Sean “Diddy” Combs’ White Party of legend this was not: no Hamptons, no A-list celebrities, no catering. But as the sun set Monday over Lincoln Center Plaza — where 3,000 guests decked out in white feather hats, boas, wigs and tuxedos gathered for New York’s second annual Dîner en Blanc — the scene seemed every bit as indulgent.
Billed by organizers as “the world’s first viral culinary event,” the dinner party, coproduced in New York by Gilles Amsallem and Pierre Battu of events firm French Tuesdays, had humble beginnings. Twenty-four years ago, founder François Pasquier threw a small dinner in Paris to reconnect with friends. So many people wanted to attend that he advised partygoers to wear white so that they could find each other. The gathering grew each year by word of mouth, and in recent years has taken place at the Louvre and Notre Dame Cathedral in Paris. Now it’s become global: It will pop up in Philadelphia, Chicago, Singapore, Vancouver and Brisbane, Australia, over the next two weeks.
This story first appeared in the August 22, 2012 issue of WWD. Subscribe Today.
“I’m really happy to see that people are taking on a challenge like Dîner en Blanc,” said Aymeric Pasquier, the event’s producer and son of François. “It’s a lot of investment.”
Guests, who paid $25 to attend, were required to BYO-everything: tables (white), chairs (white), food and drink (not necessarily white), while adhering to a strict, elegant, all-white dress code. Arriving by public transportation was mandatory, and the location was revealed only an hour before the start time.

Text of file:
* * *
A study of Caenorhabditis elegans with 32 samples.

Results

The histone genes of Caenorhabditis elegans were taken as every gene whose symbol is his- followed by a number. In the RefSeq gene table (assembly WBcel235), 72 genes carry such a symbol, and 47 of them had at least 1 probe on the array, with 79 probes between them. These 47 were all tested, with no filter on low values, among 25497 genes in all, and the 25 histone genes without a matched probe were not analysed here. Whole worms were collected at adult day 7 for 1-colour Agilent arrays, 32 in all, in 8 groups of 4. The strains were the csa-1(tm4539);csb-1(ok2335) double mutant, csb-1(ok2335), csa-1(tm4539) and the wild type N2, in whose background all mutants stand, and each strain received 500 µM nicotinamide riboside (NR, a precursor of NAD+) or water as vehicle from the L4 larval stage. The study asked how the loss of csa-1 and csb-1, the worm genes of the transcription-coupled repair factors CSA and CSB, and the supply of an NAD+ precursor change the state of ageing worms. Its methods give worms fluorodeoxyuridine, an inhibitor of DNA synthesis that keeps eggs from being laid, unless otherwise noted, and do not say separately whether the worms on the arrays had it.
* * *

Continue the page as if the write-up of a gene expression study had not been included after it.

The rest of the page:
It was either an adventure or a hassle, depending on whom one asked. Most agreed it was well worth it.
“People are just really finding a love for the event,” said Sandy Safi, director of development at Dîner en Blanc International. “The spontaneity of it, the fact that it’s different, enjoying the outdoor space, dressing up.…I think it’s all of the elements together that make it interesting. Connecting with people all over the world who have a love for the same thing is really what we’re trying to build.”
Last year’s feast — the first in New York — took place at the World Financial Center in Battery Park with a waiting list of more than 30,000 people. This year, the list garnered 10,000 hopeful names.
“Of course, not everyone can attend and I’m sorry about that,” said Pasquier. “But we have to grow slowly, otherwise we couldn’t have it at such amazing places. There is no profit for anyone here. It’s all volunteers.”
Dinner took place from 6:30 p.m. until about 9 p.m., when an announcement was made signaling a move to the designated dance area. Guests waved napkins in the air in unison, and some chose to dance on top of their chairs. A violinist and a DJ serenaded the crowd.
“I feel like I’m at a really nice wedding right now,” said partygoer and volunteer Billy Butler, an event-planning intern at Americas Quarterly.
“The more you do it, the more organized you get with it,” said Rachel Kirwin, a law firm assistant who attended last year’s dinner. “Bring wheels. Anything with wheels. Don’t even try to carry everything on your own.”